Did you always think that running is NOT for you? Do you not know where to start to get from a fast walk to a jog and then to a run?

If you are starting an exercise regime, you will be excited to see your progress as this is the most important factor to motivate you. However, it is important to take things one step at a time and listen to your body.


First of all, you will need to boost your endurance and develop a cardiovascular basis by walking at least 3 to 5 times a week for 30 minutes at a fast pace. In this way, you will start building your strength. Every day that you actually get out there, you are building your stamina. Your body is getting stronger and you are creating a stronger base for yourself.


The next step is to start inserting short jogs into your walk. You can run at an easy pace for just 30 seconds, then walk for 2 to 3 minutes. Then slowly, you can gradually start increasing the length of each jogging interval, always listening to your body.


Running is a great form of exercise and outpaces so many other types of exercise, delivering a host of benefits. It is also so much fun! But sometimes, running may seem more difficult than it need be. The good news is that these obstacles can be overcome and running can become that much easier with a few simple tips for you.


Get a good night's sleep. Your body needs its rest and you will feel stronger and will perform better when you are well rested. Sleep is the body’s natural defence and repair mechanism, and if you do not get enough sleep, your body will not have the time to do the necessary repairs and so you may feel more pain and discomfort.


Take deep belly breaths. Oxygen is the essential motor for your body and taking deep breaths will ensure that you have more oxygen in your blood. If you take shallow breaths from the upper chest, less oxygen will arrive to your muscles. The more oxygen circulates in your blood, the less your muscles will fatigue.


Learn belly breathing: lie on your back facing upwards with one hand on your navel. Take a deep breath in and expand your belly, pulling more air down into the lower part of your lungs. You will feel your hand rising as your belly expands. As you exhale, contract your belly and push the air out so your hand falls. Practice this either lying down or sitting down a few times a day, taking at least 10 breaths each time. Then practise it while you run. If you start breathing hard or panting during your run or notice your shoulders and chest are going up and down, then that means that you are breathing through your chest rather than through your belly. Slow down to a walk, catch your breath, and concentrate once again on your breathing to get the technique right. This is key to make each subsequent run easier for you.


Slow down. Are you out of breath, or have a stitch in your side? Slow down to a walk and get your breath back. Then you can slowly increase your pace as soon as you feel better. It is normal to have muscle and even joint pains at the beginning as long as this does not last for more than a day or two. If the pain does not subside in a few days, do get it checked out.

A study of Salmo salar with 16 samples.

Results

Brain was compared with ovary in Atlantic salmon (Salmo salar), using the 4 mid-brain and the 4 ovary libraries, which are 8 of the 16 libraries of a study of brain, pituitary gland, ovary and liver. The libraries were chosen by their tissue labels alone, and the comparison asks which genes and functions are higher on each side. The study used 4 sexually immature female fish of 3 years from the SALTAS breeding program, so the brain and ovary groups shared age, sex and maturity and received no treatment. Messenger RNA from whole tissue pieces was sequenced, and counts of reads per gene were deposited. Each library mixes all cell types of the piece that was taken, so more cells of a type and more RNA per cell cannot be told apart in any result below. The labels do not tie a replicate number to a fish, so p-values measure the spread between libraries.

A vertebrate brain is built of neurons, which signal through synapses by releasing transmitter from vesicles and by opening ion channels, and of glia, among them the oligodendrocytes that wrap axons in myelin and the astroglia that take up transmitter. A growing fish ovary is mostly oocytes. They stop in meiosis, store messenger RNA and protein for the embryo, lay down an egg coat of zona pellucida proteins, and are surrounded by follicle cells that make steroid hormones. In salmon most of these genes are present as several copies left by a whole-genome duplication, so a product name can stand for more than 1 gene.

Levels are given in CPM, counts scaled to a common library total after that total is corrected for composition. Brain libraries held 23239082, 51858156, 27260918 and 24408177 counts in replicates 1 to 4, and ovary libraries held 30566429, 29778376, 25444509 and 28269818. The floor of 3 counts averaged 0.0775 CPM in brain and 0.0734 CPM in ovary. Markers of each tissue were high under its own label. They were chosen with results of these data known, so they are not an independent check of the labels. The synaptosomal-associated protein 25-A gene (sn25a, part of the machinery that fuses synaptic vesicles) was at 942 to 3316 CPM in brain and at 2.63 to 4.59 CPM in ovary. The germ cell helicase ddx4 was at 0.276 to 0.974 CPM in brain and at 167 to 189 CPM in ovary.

Get into a rhythm. Music is a great way to get into the rhythm and motivate you to run faster, harder and longer. Choose YOUR favourite upbeat tunes, stick those headphones on and watch your energy rise.


To help you out, here’s the 100 best running songs for you to choose from. Start off with tunes with a slower beat to warm up, then move on to the higher energy tunes for the core of your run, then finish off with a slower, more mellow tune to cool down. Also do remember to keep one bud out of your ear if you are running outside to make sure that you are alert to your surroundings.


Some final tips to help you on your road to running:

- Start slow. This one seems obvious and basic, but it’s key.

- Ignore peer pressure. When running in a group, don't get tempted to keep up with the faster ones as you will burn yourself out. And if you just want to do a few km a week, don’t be shamed by others who may have different targets – we are all unique and you don’t need to run a marathon to keep fit.

- Vary your workout: pick scenic routes, change your routes often, run at different paces and vary workout times. This will keep you from getting bored and will also help you find your rhythm, find the best time for your body clock, and the best pace for you.


- If it’s too cold or wet to run outside, running up and down stairs is a great way to build leg strength.

- Find a buddy to exercise with so that you can motivate each other. Even better, join a running club in your vicinity – there are many great clubs around Malta and Gozo who can also coach and mentor you.


Happy walking and running!


Before any changes in physical activity, we strongly recommend a visit to your medical practitioner. Additionally, we recommend annual medical and blood screening to ensure that you can maintain your quality of life.


Clinipath Medical Laboratories can provide your organisation with a Company Health Program that can gauge the function of major organs and can identify some risks at an early stage. This will ensure that your employee’s health is safeguarded, and if needs be monitored regularly.


If you would like information contact us today on +356 21221355, 9985 2404 or send an email on info@clinipath.com.mt for more information.